I read a little bit online, and sometimes come away confused. People talk about getting their knives "shaving sharp" and capable of "splitting hairs." Is this the Honest to Dog truth, or is is just colorful hyperbolic writing style?

Just about any of my knives, when I'm done sharpening them, is capable of scraping hair off my arm. But it's not nearly as nice a shave as my fancy Russian or Japanese razor blades. How about you other guys? Are your edges honestly sharp enough to get a comfortable shave? Good enough for a bit of manscaping?

And what about "splitting hairs?" None of my edges can cut through a hair that's just being held at one end. I just now played around with a brand new razor blade, and it works sometimes.

Can anyone do these things with the knives that they carry for real work? Or are these just parlor tricks that make a blade unsuitable for real work? Do I need to up my game? Enquiring minds want to know.
I'd bet you could get a suitable edge on a pocket knife but don't know if the geometry is the best for your manscaping project? I'm not sure how involved of a project you're planning? Maybe practice up some with the shave cream on a balloon? Wouldn't want to find out it was a bad idea on anything of a more sensitive nature right :-)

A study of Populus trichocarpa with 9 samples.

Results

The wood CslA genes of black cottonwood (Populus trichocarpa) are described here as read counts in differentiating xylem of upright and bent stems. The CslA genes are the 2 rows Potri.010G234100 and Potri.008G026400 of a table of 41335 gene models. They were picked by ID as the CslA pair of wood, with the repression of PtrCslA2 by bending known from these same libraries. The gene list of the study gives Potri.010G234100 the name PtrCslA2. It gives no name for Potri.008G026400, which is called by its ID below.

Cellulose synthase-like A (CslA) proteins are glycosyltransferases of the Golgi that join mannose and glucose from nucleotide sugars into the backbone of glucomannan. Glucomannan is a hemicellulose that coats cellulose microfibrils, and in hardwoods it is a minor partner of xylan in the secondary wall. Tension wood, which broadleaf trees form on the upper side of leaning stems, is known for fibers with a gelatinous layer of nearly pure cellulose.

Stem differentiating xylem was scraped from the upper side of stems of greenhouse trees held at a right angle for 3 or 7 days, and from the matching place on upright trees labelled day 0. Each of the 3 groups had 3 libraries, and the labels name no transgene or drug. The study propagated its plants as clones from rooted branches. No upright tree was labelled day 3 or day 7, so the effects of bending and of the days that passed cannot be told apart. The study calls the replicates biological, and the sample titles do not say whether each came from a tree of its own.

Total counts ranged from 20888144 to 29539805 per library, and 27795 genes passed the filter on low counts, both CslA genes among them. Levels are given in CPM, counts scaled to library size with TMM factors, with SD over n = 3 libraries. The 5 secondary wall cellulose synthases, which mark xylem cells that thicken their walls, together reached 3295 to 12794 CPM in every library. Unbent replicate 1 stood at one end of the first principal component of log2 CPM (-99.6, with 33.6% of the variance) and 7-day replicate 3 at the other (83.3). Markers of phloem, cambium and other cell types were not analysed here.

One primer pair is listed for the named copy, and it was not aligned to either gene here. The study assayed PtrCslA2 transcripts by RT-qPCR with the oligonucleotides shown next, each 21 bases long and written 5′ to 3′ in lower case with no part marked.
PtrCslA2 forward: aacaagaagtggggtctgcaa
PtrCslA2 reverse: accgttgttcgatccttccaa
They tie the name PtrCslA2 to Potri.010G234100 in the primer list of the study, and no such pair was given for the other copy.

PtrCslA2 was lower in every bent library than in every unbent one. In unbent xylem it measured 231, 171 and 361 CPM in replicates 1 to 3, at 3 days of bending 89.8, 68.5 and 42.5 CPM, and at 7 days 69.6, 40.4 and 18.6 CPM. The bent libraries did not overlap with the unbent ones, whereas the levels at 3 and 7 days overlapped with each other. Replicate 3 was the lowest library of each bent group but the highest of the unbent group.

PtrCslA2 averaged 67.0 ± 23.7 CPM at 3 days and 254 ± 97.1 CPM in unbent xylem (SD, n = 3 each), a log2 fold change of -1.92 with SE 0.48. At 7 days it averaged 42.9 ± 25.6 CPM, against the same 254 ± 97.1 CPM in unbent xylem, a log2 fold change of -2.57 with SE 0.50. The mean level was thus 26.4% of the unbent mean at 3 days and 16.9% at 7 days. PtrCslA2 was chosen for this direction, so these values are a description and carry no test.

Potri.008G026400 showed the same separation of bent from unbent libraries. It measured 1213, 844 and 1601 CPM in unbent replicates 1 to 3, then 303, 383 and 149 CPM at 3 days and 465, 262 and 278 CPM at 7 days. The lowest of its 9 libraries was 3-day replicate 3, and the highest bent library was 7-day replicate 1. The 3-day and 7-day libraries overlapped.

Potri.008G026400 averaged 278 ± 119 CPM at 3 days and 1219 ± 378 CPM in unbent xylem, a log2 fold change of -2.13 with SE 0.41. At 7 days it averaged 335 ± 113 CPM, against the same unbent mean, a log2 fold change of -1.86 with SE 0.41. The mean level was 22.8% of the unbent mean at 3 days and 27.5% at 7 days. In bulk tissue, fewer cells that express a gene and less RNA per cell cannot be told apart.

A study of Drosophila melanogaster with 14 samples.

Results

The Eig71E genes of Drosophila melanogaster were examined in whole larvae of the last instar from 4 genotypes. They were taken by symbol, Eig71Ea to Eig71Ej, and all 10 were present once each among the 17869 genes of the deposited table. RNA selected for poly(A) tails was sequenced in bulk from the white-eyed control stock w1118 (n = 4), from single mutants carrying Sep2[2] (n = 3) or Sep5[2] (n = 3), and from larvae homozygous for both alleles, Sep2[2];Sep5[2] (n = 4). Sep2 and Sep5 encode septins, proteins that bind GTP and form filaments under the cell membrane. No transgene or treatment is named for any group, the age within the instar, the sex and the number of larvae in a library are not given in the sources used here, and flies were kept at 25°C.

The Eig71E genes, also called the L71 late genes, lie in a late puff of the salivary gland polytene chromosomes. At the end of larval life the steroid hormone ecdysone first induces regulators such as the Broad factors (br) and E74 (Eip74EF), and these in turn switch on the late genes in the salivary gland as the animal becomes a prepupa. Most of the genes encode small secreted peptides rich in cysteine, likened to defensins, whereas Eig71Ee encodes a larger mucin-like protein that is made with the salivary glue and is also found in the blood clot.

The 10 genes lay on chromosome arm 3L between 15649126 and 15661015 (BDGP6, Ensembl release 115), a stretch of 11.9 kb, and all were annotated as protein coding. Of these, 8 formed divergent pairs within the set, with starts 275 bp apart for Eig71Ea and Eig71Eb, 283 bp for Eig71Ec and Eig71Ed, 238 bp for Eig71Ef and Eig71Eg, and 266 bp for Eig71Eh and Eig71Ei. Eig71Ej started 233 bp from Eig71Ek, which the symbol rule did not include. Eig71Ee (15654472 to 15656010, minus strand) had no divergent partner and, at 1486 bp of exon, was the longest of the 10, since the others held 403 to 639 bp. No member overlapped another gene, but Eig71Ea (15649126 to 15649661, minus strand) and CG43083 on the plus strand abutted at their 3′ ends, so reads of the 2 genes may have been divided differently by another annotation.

...JMO

When I shave with one of my razors, I can't feel the edge. It is so sharp it just rides on the lather and water and mows the whiskers off. Compared to modern razor blades, the shave is much closer and smoother. Here are some of my favorites. Most of mine are from the late 1800s or early 1900s and most are Sheffield carbon steel or similar German steel (Solingen) that is tempered very hard. Under magnification, the edge appears perfect, with all the polishing stria (lines) very fine and perfectly aligned.

Could you shave with a sharp knife, yes, but it would be more scrape than shave and not very comfortable.
Fine looking blades Bigdog :-)

Bigdog, that W&B is lovely!
I bought my first 30 years ago, tried a few times and retired it to the gn safe. Then the internet came along and made it much easier
Some day I want give it a shot.
Some day I want give it a shot.
The best forum group to read/join/lurk/learn and be "enabled" is Sharp Razor Palace: https://sharprazorpalace.com
You're a braver sole then I Bigdog. I cut myself every now and then with my Schick extreme 3. I'd hate to think of the damage I'd do with one of those babies. A "manscaping" project like Rusty is planning (we don't any more details and you get a pass on the pics for this one too Rusty)? For some of us maybe a safety razor is really a better option?
Fine looking blades Bigdog :-)
The problem with razors like the Schick Eextreme 3, and any other cartridge razor, is that you have to actually apply pressure when you shave. If you don't want to try a straight razor, you might consider a double edge razor, with a blade like the Astra SP to start. Great shave, better than a cartridge razor and much less expensive. With a double edge razor, you let the razor do the work, no pressure.